Boston Police Commissioner Ed Davis said Thursday that federal authorities did not tell local police about Russian intelligence reports on alleged Boston Marathon bomber Tamerlan Tsarnaev until days after the deadly blasts.
During the first congressional hearing on the April 15 bombings, House Homeland Security Committee Chairman Michael McCaul asked Davis if he was aware of the Russian intelligence warning and the fact that Tsarnaev had traveled overseas.
"We were not aware of the two brothers' activities. Were were not aware of Tamerlan's activities," Davis said.
McCaul asked a follow-up question.
"Would you have liked to have known that?" McCaul asked.
"Yes," Davis replied.
The testimony about the lack of sharing of information was troubling, McCaul said.
"The whole point of having a fusion center and the (Joint Terrorism Task Force) is to share information and coordinate," McCaul said. "The idea the feds have this information and it's not shared with state and locals defies why we created the Department of Homeland Security in the first place, and it's very troubling to me."
Davis gave an opening statement before the committee and said he was "satisfied" with the security preparation in place the day of the marathon. He also talked about ways in which he thought future attacks could be prevented and pointed to engaging the community.
"We certainly need to enlist the community better," Davis said. "There's no computer that's going to spit out a terrorist's name. It's the community being involved in the conversation and being appropriately open to communicating with law enforcement when something awry is identified. That really needs to happen and should be our first step."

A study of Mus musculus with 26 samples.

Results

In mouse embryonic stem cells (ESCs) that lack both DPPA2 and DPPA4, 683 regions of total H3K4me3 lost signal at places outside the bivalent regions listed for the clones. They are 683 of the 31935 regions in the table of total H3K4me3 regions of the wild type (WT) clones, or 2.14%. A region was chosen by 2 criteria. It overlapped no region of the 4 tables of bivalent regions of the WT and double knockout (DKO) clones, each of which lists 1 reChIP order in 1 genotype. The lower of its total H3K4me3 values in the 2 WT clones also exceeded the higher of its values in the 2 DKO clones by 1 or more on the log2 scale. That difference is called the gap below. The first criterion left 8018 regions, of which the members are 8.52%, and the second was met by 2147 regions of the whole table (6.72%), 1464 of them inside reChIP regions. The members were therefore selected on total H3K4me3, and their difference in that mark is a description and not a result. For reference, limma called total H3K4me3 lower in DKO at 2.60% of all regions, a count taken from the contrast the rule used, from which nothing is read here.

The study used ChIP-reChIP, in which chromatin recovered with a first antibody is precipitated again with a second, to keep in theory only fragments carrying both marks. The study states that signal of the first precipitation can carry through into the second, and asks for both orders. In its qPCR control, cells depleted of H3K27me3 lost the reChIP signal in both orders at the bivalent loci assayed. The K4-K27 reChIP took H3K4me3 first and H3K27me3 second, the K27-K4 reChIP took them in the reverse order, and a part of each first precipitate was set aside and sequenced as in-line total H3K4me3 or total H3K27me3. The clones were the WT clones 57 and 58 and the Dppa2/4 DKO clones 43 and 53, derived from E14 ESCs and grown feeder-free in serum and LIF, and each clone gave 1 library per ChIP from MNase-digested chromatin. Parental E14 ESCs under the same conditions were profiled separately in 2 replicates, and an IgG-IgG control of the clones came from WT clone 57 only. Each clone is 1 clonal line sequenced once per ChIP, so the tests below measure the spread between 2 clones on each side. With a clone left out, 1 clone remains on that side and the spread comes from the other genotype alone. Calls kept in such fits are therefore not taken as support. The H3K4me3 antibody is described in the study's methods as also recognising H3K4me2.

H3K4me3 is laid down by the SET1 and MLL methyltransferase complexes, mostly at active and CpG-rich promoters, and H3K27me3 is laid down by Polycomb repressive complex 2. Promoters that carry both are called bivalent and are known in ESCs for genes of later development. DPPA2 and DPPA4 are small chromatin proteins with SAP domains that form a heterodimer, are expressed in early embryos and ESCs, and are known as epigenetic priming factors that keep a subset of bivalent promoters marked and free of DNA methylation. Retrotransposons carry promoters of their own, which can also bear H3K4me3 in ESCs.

When asked if anyone from the mosque that Tsarnaev attended had come forward to police after he was allegedly kicked out of it, Davis said he wasn't sure. When asked if anyone from UMass Dartmouth had come forward to police to identify student and alleged bomber Dzhokhar Tsarnaev after his picture was released by the FBI, Davis said that no one reached out to police.
Besides community engagement, Davis said there were security means that could help police.
"Do we have to look at cameras? Sure we do. Do we have to look at more bomb dogs? ... We do have to do that, and it's really important," Davis said.
Also testifying Thursday was Kurt Schwartz, the state's undersecretary for homeland security and emergency management. He was asked if anyone on the state side was made aware of the Tsarnaev brothers during the bombing investigation or before.
Schwartz said state police had seven troopers assigned to the Joint Terrorism Task Force with federal authorities.
"My understanding is at no time prior to the bombings did any member of the Massachusetts State Police or the fusion center did have any information or knowledge about the Tsarnaev brothers," he said.